With disaster recovery playing such an important role in the security of your cloud, it’s vital to be aware of some of the areas where your organization might be unknowingly at risk. Three of the most common and critical mistakes made involve mixing up disaster recovery, high availability and fault tolerance, thinking that your infrastructure is immune to failure and confusing disaster recovery with continuity of operations planning.
Mixing Up Disaster Recovery, High Availability and Fault Tolerance
Although disaster recovery, high availability and fault tolerance may seem like they refer to the same concept and solve the same issues, this isn’t actually the case. High availability, for example, is designed to address service interruptions whereas disaster recovery aims to address major disasters. This means that regardless of having a core router with high availability and even fault tolerance, your network is still vulnerable to a disaster.
Under those circumstances, while your application remains unaffected in the cloud, the connection that your organization has to it has been severed and requires the restoration of IT system access that is normally provided for by your disaster recovery plan.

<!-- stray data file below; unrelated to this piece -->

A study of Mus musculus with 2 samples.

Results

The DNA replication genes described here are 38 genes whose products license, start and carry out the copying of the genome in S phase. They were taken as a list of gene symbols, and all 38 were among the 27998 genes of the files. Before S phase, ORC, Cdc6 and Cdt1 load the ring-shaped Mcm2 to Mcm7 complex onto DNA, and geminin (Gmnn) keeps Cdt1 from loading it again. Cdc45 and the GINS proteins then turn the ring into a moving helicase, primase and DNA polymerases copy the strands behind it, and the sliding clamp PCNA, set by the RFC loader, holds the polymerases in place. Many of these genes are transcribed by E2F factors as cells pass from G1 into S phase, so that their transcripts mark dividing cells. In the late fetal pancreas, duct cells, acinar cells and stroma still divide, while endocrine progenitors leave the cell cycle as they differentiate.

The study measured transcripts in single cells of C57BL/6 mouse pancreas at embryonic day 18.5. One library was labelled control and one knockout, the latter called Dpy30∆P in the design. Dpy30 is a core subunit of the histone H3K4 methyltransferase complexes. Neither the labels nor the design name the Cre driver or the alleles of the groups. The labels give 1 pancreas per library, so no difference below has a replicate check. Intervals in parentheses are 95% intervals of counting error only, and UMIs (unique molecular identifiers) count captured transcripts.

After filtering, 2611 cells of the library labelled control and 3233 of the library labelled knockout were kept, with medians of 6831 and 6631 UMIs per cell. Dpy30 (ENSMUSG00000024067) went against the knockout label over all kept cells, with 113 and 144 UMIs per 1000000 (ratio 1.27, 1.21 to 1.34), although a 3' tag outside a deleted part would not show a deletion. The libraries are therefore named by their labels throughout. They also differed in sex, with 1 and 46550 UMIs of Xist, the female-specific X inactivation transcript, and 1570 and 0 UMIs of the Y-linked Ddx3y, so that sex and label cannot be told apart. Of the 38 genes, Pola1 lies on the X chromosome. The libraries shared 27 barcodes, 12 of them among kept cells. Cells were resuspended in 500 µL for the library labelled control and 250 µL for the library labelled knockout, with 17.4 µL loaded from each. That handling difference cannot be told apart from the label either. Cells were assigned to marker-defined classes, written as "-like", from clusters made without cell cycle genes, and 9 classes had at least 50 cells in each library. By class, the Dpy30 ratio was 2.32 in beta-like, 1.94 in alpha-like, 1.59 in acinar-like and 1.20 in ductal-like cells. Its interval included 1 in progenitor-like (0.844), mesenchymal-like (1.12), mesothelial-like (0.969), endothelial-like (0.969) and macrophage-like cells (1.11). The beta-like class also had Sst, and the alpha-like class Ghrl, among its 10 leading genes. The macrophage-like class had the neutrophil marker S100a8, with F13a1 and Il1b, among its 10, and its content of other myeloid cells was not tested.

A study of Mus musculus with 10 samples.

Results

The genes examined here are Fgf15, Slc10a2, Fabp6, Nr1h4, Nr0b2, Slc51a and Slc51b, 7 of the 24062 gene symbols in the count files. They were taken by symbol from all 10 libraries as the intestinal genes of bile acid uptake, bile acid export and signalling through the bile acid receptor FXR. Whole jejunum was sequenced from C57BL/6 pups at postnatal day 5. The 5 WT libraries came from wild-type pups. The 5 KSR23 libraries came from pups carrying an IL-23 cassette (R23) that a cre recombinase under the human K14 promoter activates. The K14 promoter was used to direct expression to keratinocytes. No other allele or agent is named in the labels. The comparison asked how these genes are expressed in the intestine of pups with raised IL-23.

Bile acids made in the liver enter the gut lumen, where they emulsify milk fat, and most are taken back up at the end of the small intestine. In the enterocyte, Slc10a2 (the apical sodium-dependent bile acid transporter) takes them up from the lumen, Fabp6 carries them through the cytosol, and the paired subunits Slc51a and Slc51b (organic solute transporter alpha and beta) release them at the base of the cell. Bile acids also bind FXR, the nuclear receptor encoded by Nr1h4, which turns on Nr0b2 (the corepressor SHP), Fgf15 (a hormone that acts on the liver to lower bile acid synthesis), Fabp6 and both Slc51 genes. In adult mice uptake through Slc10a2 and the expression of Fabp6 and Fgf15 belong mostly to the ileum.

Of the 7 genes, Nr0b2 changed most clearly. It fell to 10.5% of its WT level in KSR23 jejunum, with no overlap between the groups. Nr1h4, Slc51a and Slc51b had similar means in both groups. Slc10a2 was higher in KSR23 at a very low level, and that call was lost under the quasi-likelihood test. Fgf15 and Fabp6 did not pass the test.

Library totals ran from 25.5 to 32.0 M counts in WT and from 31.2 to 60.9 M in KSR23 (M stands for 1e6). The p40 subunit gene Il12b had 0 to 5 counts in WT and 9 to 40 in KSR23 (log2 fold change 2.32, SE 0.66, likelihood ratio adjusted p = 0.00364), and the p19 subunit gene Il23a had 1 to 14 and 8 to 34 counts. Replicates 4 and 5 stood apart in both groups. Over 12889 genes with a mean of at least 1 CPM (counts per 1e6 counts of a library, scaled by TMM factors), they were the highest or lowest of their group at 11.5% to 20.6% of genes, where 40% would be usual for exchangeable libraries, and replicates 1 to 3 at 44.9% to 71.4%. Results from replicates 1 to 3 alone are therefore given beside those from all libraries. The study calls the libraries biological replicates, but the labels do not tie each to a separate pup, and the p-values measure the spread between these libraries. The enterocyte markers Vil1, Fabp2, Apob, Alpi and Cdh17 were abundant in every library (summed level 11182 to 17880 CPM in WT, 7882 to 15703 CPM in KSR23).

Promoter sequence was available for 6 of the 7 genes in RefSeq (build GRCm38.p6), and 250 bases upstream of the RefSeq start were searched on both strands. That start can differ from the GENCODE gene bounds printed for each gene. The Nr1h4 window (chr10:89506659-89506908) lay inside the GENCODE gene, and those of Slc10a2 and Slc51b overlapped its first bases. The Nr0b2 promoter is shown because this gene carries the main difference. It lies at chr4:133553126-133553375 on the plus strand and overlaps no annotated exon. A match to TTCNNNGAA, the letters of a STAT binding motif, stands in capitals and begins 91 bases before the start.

Thinking That Your Infrastructure is Immune to Failure
It’s to be expected that most organizations focus on designing a system that doesn’t fail, however, they sometimes then infer that a disaster recovery plan is no longer needed. Unfortunately, an all too well-known fact is that ignoring something doesn’t make it go away, it simply leaves us unprepared.
In order to be adequately prepared, the possibility of failures can’t be denied. Instead, they need to be planned for and mitigated throughout each phase of the design process – automatically or manually depending on where automation is possible.
Confusing Disaster Recovery With Continuity of Operations Planning
Another critical mistake made by organizations is assuming that disaster recovery and continuity of operations planning are interchangeable. As with DR, HA and FT discussed in our first point, each planning aspect has it’s own specific purpose that it serves.
While disaster recovery is heavily IT-focused, continuity of operations planning encompasses many facets such as processes, people and all other business essentials. These two plans also differ in terms of when they are brought into effect. A disaster recovery plan is implemented prior to a major event, and a continuity of operations plan dictates how to operate during a major event.
Disaster recovery planning will continue to play an important role in cloud computing and should not be regarded as an interchangeable aspect of securing your infrastructure. Companies desiring to safeguard against failure should include DR along with HA, FT and COOP.